Anyone legally visiting someone else’s property has a reasonable expectation to be safe from harm or injury. Property owners, therefore, have the responsibility to maintain their premises safe and free from hazardous conditions. When they fail this responsibility and their negligence leads to a visitor’s injury, that visitor can have a basis for a premises liability claim.
In Philadelphia and surrounding Pennsylvania communities, Attorney Gary Brod has been helping premises liability victims get compensated for their accidents. Many people with serious injuries have entrusted their cases to The Brod Law Firm and have obtained the results they wanted. With a successful track record spanning more than 30 years, The Brod Law Firm stands out as a highly effective personal injury firm that helps injured clients get back on track.
If you or a loved one has been seriously hurt on someone’s property, and you believe the property owner is liable for it, talk to The Brod Law Firm. Whether you simply have questions you want answered or are already considering legal action, the competent and understanding attorneys at the firm are ready to serve you.
Accidents And Injuries In Premises Liability Claims
Premises liability cases are often called “slip and fall” cases because most of the injuries involved are due to people slipping or falling on some defective part of the premises. However, many other types of accidents and injuries can occur under a property owner’s negligence. These include:
- Slipping, tripping, and falling accidents
- Dog bites and pet attacks
- Swimming pool injuries
- Elevator and escalator accidents
- Snow and ice accidents
- Burn injuries
- Amusement park accidents
- Injuries due to toxic chemicals and hazardous substances.
Responsibilities of a Pennsylvania Property Owner
Under Pennsylvania law, the owner or occupier of a property has what is called a “duty of care”. This is the obligation to make a reasonable effort to ensure that visitors on the property are safe and protected. A property owner fails this duty if:
- They knew or should reasonably have known that there is an unsafe condition in the premises,
- Despite this knowledge, they failed to take any steps to fix the unsafe condition,
- This failure caused a visitor’s injury, and
- The injury resulted in losses or damages on the part of the visitor.
Who May Be Held Responsible
It is not only the property owner who has the duty of care towards visitors. Sometimes, this duty falls on other parties as well.
The law states that the duty to keep premises safe falls on the party that “possesses or owns” the property. Possessing or owning means:
- The individual or company occupies the property and intends to control it
- The individual or company has been occupying the property and intends to control it if no other party does so
- The individual or company is entitled to immediately occupy the property if no other party possesses it.
A common example can be found in a shopping center or commercial building. If a company leases a space in a shopping center, that company may be considered in possession of that space and may be responsible for the safety of shoppers there.
Duty Depending On Type of Visitor
Not everyone who is injured in someone’s property may be able to make a premises liability claim. The injured person should have been a legal visitor at the time of the accident; further, the property owner should have owed them the appropriate duty of care.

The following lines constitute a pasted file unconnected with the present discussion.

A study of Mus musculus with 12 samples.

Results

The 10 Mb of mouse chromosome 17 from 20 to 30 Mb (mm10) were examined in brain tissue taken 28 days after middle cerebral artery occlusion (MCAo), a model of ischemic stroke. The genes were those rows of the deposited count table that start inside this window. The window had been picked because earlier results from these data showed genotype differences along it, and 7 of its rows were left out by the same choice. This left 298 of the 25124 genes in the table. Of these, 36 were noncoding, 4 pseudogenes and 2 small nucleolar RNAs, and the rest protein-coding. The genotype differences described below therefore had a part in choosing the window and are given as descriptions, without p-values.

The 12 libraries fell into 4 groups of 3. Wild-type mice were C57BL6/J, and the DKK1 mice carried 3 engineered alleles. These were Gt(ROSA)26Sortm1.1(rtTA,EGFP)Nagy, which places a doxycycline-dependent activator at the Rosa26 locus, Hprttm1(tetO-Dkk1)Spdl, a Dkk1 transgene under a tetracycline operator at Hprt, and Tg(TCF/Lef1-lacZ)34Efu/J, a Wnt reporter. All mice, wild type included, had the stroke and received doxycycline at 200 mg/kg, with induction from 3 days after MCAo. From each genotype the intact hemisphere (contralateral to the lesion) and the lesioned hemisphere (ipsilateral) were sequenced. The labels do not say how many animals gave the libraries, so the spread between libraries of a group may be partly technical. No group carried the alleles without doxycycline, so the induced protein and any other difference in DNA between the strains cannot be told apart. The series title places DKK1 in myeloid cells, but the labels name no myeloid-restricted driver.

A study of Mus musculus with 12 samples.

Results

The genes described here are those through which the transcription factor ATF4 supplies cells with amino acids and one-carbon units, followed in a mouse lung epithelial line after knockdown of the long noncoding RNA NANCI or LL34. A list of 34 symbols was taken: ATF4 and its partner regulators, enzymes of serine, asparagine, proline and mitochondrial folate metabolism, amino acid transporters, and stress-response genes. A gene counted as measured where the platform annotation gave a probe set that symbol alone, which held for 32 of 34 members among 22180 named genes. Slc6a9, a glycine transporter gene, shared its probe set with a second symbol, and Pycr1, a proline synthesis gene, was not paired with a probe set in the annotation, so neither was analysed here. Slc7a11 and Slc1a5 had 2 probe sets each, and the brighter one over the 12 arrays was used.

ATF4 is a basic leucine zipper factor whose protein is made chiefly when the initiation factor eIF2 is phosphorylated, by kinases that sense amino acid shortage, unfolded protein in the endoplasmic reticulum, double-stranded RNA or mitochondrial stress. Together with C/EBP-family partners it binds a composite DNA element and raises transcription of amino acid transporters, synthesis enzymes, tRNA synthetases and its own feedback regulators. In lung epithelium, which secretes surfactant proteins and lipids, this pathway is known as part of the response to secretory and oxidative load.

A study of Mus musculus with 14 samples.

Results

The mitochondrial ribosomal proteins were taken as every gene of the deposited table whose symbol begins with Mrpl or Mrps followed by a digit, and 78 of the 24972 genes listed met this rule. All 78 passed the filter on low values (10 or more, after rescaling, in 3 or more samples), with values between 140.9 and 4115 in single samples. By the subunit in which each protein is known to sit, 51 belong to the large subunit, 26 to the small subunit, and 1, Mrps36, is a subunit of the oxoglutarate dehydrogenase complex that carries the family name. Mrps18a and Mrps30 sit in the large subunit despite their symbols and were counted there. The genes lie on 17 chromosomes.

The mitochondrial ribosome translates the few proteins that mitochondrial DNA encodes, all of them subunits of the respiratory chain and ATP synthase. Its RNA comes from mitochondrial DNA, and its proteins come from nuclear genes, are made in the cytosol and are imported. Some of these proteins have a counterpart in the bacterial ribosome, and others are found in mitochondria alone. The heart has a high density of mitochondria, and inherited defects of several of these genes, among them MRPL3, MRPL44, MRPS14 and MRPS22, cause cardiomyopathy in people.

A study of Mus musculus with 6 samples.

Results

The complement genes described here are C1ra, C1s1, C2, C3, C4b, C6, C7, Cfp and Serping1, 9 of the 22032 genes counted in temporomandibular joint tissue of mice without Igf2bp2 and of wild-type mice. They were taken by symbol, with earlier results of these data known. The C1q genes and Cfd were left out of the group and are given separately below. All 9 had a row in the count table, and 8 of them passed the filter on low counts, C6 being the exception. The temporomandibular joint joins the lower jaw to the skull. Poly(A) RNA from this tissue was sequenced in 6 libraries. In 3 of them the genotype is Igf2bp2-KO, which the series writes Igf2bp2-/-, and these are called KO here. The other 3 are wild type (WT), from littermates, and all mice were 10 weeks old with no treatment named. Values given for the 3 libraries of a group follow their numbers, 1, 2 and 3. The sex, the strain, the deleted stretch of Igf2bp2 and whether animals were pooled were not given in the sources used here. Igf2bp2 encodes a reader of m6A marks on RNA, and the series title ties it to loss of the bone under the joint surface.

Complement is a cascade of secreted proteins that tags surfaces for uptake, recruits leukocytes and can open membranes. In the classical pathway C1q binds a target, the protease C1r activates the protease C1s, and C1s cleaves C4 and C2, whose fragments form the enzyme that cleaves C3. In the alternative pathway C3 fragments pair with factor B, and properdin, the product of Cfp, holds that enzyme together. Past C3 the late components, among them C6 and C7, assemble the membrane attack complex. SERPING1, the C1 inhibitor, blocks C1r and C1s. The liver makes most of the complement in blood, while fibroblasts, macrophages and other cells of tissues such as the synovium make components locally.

An owner’s duty of care primarily depends on the type of visitor in the premises:
- Invitee. Invitees are encouraged by the property owner to enter and/or remain on the premises. They are thus legal visitors. There are two categories of invitees: A public invitee is a member of the public who has an invitation or authorization, usually to enter public properties. Meanwhile, a business invitee or business visitor is one who has a direct business association with and an exclusive invitation from the property owner. Examples of this are store patrons and doctors’ patients.
A property owner owes the highest duty of care to invitees. In addition to the responsibilities mentioned above, a property owner also has the obligation to warn invitees about potential hazards – thus, the owner is required to inspect the property for such hazards.
- Licensee. Licensees have the privilege of entering or remaining on the property through the property owner’s consent. In other words, they have the property owner’s permission to be on the premises, even though these visitors enter for their own purposes and not because they were invited. Examples are unexpected guests in a household, off-duty employees in an office, and people who go into a store to ask for directions.
A licensee is a legal visitor, but a property owner has a lesser duty of care towards them. An injured licensee has the burden of proving that the owner failed their duty and that the licensee had no actual knowledge of the hazard involved.
- Trespasser. Trespassers enter a property illegally or without permission from the owner. Naturally, a property owner owes the lowest duty of care to a trespasser. The only time a trespasser may be able to make a premises liability claim is when the owner or possessor of the property showed willful misconduct – that is, had a desire to bring harm to the trespasser, or was aware that the trespasser could be injured upon entering the premises.
Experienced Attorneys For Pennsylvania Premises Liability Claims
Attorney Gary Brod and the entire team at The Brod Law Firm are highly capable of handling premises liability cases. Three decades’ worth of successful experience prove this. So, if you believe you may be entitled to a premises liability lawsuit, talk to us.
Call Gary Brod and his team anytime or contact us online for a free, no-obligation, and confidential consultation. You can also use our easy phone sign-up process so we can start reviewing your case today.